By Nutrition Expert – Trupti Gurav,Mumbai
Saliva, or spit, is made by the salivary glands and is very important for a healthy mouth. It moistens and breaks down food, washes away food particles from the teeth and gums, and helps people with swallowing. In addition, saliva contains minerals such as calcium and phosphate that help keep teeth strong and fight tooth decay.
Dry mouth is also known as xerostomia. It occurs when salivary glands in your mouth don’t produce enough saliva. This condition causes a parched, or dry, feeling in your mouth. It can also cause other symptoms, such as bad breath, a dry throat, and cracked lips.
Dry mouth is not a normal part of aging. Dry mouth can happen to anyone occasionally—for example, when nervous or stressed. However, when dry mouth persists, it can make chewing, swallowing, and even talking difficult. Dry mouth also increases the risk for tooth decay or fungal infections in the mouth because saliva helps keep harmful germs in check.
What causes dry mouth?
Many things can cause dry mouth which include: 
Side effect of certain medications –
Dry mouth is a common side effect of many prescription and nonprescription drugs, Drug used to treat depression, anxiety, pain, allergies and cold (antihistamines and decongestants), obesity, acne, epilepsy, hypertension (diuretics), diarrhea, nausea, psychotic disorders, urinary incontinence, asthma , and Parkinson’s disease. Dry mouth can also be a side effect of muscle relaxants and sedatives.
Side effect of certain diseases and infections –
Dry mouth can be a side effect of medical conditions, including HIV/AIDS, Alzheimer’s disease, diabetes, anemia, cystic fibrosis, rheumatoid arthritis, hypertension, Parkinson’s disease, stroke, and mumps.
Side effect of certain medical treatments-
Damage to the salivary glands, the glands that make saliva, can reduce the amount of saliva produced. For example, the damage could stem from radiation to the head and neck, and chemotherapy treatments, for cancer.
Dry mouth can be a result of nerve damage to the head and neck area from an injury or surgery.
Conditions that lead to dehydration, such as fever, excessive sweating, vomiting, diarrhea, blood loss, and burns can cause dry mouth.
Smoking or chewing tobacco can affect how much saliva you make and aggravate dry mouth. Breathing with your mouth open a lot can also contribute to the problem.
Surgical removal of the salivary glands.
Breathing through your mouth
What Are the Symptoms of Dry Mouth?
Symptoms of dry mouth include: 
- A sticky, dry feeling in the mouth
- Trouble chewing, swallowing, tasting, or speaking
- A burning feeling in the mouth
- A dry feeling in the throat
- Cracked lips
- A dry, rough tongue
- Mouth sores
- An infection in the mouth
- Bad breath
Home treatments for dry mouth 
Sipping water and staying hydrated can help relieve dry mouth. Studies have found that dehydration may be a factor in dry mouth. Increasing your water intake can help treat mild dehydration.
Avoid certain medications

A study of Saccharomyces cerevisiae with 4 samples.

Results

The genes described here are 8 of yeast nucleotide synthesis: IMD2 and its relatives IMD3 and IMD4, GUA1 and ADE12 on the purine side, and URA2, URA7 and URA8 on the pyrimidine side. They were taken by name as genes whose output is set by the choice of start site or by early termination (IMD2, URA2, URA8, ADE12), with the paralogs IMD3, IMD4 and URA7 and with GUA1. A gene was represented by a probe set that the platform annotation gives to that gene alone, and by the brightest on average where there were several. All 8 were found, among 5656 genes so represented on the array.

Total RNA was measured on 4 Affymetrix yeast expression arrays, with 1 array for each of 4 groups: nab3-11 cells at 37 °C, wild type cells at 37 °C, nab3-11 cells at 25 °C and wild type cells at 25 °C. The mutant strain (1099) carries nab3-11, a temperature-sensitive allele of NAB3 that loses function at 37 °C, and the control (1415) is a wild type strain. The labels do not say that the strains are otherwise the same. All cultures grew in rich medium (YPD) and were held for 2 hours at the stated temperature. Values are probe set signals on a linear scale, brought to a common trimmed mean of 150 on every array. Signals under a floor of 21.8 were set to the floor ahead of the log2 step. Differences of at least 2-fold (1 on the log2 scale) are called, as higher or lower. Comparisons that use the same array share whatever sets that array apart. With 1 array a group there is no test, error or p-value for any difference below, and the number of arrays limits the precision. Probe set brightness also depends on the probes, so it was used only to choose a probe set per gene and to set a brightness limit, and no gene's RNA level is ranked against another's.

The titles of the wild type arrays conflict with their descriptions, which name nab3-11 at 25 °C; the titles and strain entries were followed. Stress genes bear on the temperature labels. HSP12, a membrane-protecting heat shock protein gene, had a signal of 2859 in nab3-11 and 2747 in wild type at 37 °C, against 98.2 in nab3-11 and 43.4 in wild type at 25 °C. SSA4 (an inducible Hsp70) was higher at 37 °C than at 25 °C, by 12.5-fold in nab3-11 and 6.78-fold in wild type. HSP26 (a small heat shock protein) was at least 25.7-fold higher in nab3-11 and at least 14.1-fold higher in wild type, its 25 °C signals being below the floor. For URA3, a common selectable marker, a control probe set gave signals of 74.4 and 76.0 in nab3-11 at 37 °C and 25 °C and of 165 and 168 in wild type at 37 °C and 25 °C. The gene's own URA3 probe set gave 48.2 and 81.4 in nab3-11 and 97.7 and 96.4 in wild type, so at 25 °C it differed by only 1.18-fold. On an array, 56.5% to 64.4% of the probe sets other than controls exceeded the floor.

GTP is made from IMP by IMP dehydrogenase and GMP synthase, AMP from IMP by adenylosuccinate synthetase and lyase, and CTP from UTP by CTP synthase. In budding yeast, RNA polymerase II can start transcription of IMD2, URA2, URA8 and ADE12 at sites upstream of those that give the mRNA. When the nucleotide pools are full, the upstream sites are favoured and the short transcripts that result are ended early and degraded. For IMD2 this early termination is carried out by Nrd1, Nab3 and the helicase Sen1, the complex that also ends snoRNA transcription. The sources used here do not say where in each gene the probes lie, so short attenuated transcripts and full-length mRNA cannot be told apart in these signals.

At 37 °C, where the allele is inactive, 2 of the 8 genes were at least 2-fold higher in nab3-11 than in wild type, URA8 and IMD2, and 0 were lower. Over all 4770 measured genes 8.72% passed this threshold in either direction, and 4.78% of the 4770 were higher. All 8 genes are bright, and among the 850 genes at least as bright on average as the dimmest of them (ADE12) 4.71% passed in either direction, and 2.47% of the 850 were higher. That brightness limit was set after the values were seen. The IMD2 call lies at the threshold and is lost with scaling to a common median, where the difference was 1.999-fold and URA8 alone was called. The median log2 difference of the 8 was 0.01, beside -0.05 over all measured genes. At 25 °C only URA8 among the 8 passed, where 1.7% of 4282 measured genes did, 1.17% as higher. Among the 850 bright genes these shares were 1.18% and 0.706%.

More than 90 percent of dry mouth cases are caused by medications. Common types of medication that may cause dry mouth include: antihistamines, antihypertensive, hormone medications, bronchodilators. If you think your medication is causing your dry mouth, talk to your doctor. Never suddenly stop taking a medication without your doctor’s approval.
Caffeinated beverages can be dehydrating. Drinking caffeinated coffee or tea causes dry mouth.
Limit alcohol use
Alcohol may dehydrate, which can contribute to dry mouth. When experiencing dry mouth, try drinking water instead of alcohol. Interestingly though, alcohol use isn’t a proven risk factor.
Smoking tobacco can also dehydrate.
Drop sugar –
Like caffeine, alcohol, and smoking, sugar may dehydrate you. If you can, try cutting down on sugary foods to reduce dry mouth problems.
Chew sugarless gum
Sugar-free gum can also provide short-term relief from dry mouth.
Improve overall oral care
Dry mouth may be both a symptom and a cause of poor oral hygiene. Improving oral routines could be crucial to protecting the health of your mouth. This includes frequent flossing, fluoride toothpaste use, and mouthwash use. Mouthwash is effective in improving overall oral hygiene, which can factor into dry mouth.
Avoid breathing through your mouth
Mouth-breathing can make dry mouth worse and cause other oral health problems. Try breathing through your nose more often than your mouth, especially when experiencing any dry mouth discomfort.
Use Herbal remedies
Many herbs can help stimulate saliva production and temporarily relieve dry mouth, among them:
- Aloe vera the gel or juice inside aloe vera plant leaves is moisturizing for the mouth. Purchasing aloe vera juice is a great way to treat dry mouth.
- Ginger is a well-known herbal sialagogue. This means it helps stimulate saliva production, which also helps dry mouth.
- Sweet pepper – sweet peppers promote salivation.
Treatment for dry mouth
Your doctor will likely review any medications you’re taking to see if any may be causing your dry mouth.
They may give you a different amount to take or change your medication to relieve symptoms.
Your doctor may also prescribe artificial saliva or medications to increase saliva production in your mouth.
When to see a doctor
Talk with your doctor or dentist if you notice ongoing signs of dry mouth. These include:
dry feeling in your mouth or throat , thick saliva, rough tongue, cracked lips, trouble chewing or swallowing, altered sense of taste,bad breath
If you think that medications are causing your dry mouth, or if you notice other symptoms of an underlying condition, make an appointment with your doctor.
Your doctor can order blood tests and measure the amount of saliva you produce to help find out the cause of your dry mouth and suggest treatment options.